Major air carriers American and Southwest airlines on Monday joined the Afghan evacuation effort, freeing up parts of their fleets to aid in the US withdrawal from Kabul.
American is deploying three wide-body planes to US military bases and other third-country sites to transport Afghan refugees who were flown out of Kabul airport by military aircraft — with Southwest announcing it will dispatch four flights on Monday, Fox Business reported.
“This is a challenging time and, like always, we are stronger when we come together around a common purpose and work together for the greater good,” American Airlines CEO Doug Parker said in an Instagram post on Sunday.
The commercial airplanes are part of a Civil Reserve Air Fleet announced by President Joe Biden on Sunday, with the flights intended to ease the pressure on US military forces as they scramble to evacuate thousands of Afghans seeking to flee after the country collapsed to the Taliban after an American withdrawal.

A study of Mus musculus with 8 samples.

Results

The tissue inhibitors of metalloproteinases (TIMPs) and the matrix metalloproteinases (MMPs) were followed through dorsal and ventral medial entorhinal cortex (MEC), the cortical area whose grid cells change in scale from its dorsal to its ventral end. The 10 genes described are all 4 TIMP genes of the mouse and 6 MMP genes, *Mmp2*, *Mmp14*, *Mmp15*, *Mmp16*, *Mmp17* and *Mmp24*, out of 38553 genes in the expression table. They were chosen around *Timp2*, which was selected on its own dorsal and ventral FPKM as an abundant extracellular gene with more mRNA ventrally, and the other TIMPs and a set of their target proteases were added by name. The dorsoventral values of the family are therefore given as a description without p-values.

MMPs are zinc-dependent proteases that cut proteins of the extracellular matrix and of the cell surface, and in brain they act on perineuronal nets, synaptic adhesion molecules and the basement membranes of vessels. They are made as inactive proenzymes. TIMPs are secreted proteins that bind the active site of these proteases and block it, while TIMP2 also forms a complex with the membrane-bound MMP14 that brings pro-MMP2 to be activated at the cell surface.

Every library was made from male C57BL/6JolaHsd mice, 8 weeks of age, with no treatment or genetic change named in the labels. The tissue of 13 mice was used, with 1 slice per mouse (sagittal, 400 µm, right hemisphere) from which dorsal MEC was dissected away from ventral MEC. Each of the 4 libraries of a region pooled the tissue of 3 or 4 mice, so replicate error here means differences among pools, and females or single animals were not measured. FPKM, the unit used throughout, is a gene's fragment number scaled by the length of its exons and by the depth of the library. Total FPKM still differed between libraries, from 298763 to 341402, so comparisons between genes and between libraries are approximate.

Massive crowds, including US citizens, mobbed the airport at Kabul last week as US forces rush to evacuate them by Biden’s Aug. 31 deadline for doing so.
Government officials said Sunday that as many as 20,000 remain in and around the airport, where Taliban militants have so far maintained an uneasy understanding with the US military to help control the crowds.
The civil air fleet is expected to eventually consist of 18 airplanes from various other airlines, including Atlas Air, Delta Airlines, Moni Air, Hawaiian Airlines and United Airlines.